Niblet & Ralph may look a lot alike, but they are very different. One likes to jam, while the other likes to eat.
Ralph is Gemma's cat, while Niblet is Dilla's cat. They live in the same building - actually, right across the hall from each other. While their owners are at school, they talk on the phone all day. Meow, meow, meow! When they run out of things to say, they share the sun - in their respective arm chairs, of course.
How would you draw the warmth of the sun on your face? Would you draw the sun, high in the sky, lighting up your upturned face? Most people would. But not Niko. Niko isn’t interested in drawing the sun. He’s not trying to show a person. He wants to draw the warmth.
A bright young girl runs through the chaos of demolished streets. Plumes of black smoke rise from the rubbled buildings. No one else is in sight. Oh No! (Or How My Science Project Destroyed the World) is a life lesson that everyone should receive: always take responsibility for your actions, particularly when they involve a ginormous hulking robot with the power to crush cars and shoot lasers every which way.
Usually, when my school science projects went wrong, it was more of a mild disappointment than anything else. My baking-soda-and-vinegar volcano did not erupt. I received a C- instead of a B+. These are minor hiccups when compared to our main character’s situation. Oh No! allows us to think about our own mistakes and say, “Well, it could have been worse…much, much worse.”
Magdalena Carmen Frida Kahlo y Calderón had many, many pets. She had Bonito the parrot who, like Frida, was as colorful as the house she lived in on 247 Londres Street in the city of Coyoacán, Mexico. In La Casa Azul, Frida Kahlo was inspired by her animalitos to create beautiful and imaginative pieces of modern art.
If your young child likes vivid photographs with lots going on and lots to think about, your family will enjoy sharing Spectacular Spring: All Kinds of Spring Facts and Fun, by Bruce Goldstone. Like many of the Dorling-Kindersley books, this one has two ways to read it.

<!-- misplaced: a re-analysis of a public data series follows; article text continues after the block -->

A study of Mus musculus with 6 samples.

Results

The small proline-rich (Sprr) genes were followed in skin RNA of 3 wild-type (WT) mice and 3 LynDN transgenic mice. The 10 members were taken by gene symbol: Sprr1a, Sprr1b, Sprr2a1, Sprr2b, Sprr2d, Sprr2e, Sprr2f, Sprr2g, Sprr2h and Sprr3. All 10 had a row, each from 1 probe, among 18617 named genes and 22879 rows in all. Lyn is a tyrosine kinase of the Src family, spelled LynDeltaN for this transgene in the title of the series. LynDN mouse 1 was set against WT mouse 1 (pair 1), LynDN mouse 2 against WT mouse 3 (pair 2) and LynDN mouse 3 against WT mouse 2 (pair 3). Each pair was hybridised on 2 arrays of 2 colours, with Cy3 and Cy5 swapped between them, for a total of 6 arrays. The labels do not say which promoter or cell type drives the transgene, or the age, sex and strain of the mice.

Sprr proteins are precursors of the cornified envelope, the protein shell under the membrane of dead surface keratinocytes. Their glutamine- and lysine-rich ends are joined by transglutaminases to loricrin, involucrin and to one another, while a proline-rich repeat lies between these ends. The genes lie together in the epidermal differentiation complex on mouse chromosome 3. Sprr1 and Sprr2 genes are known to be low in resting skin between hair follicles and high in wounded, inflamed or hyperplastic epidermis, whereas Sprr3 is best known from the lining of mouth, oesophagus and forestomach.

For example, one headline reads, “Days Get Longer." You might prefer to just go from headline to headline for the youngest listeners. As your children grow and their interest levels in the details of the world around them increase, bring in the rest of the words on the page. Below "Days Get Longer," you'll see, “Spring begins on the vernal equinox. In the Northern Hemisphere, that’s a day near March 20 when day and night are both 12 hours long.”
For older readers/listeners, there are also pages devoted to some of those how-and-why questions, with their own bright illustrations, such as, “How Do Umbrellas Work?” and “Seeds Travel in Many Ways.”
We're going on an egg hunt. We're going to find them all. We're REALLY excited . . . HOORAY for Easter Day!
A group of very eager bunnies is on an egg hunt on Easter Day. Can they find all the eggs?
Oh, no—LAMBS! Can't go over them . . . can't go under them . . . and they can't go around them. Got to go through them! Oh, no—CHICKS! Can't go over them . . . can't go under them . . . and they can't go around them. Got to go through them!
Chris Barash’s Is It Passover Yet? is a sweet and gentle choice for young children who are excited as Passover draws near. Through simple rhyming text and bright, clear pictures, we first see the signs of spring—animals frisking and plants growing. Then, we see a human family is getting ready for a special time, too. They clean the house together and make traditional dishes for their expected visitors.
This gentle, jaunty rhyming book is perfect for springtime. With Everybunny Count! children will not only be counting the many interesting things the bunnies see as they go on their hide-and-seek hunt for Fox. They will also be encouraged to name what they see:
“We’ve spotted something in the tree,
Everybunny count to THREE!”
"We have a gift, and we have a cake, and today we're going to drive all the way to the big city to see my new baby cousin on his zero-year birthday!"
So begins Margarita Engle's joyful picture book, All the Way to Havana. The narrator, a young boy who lives in Cuba, and his family are preparing to go see his new cousin in Havana. They take "Cara Cara," their 1954 blue Chevy that is supposed to purr like a kitten. But Cara Cara is so tired, she just chatters away like a baby chicken: "Pío, pío, pío, pío, pffft." The narrator's father fixes Cara Cara with each clunk clunk, something he does often to the old vintage vehicle.
Something strange is in the air . . . and it could just be love.
The members of the Fright Club are planning a frightful scare. It will be a good one—like always. But Fran K. Stein has something (or someone) else on his mind. He's busy making something, and of course, the others want to know what it is.
Pink paper . . . scissors . . . glue . . . in the shape of . . . something. "Are you making a mask? With fangs?" Vladimir asks.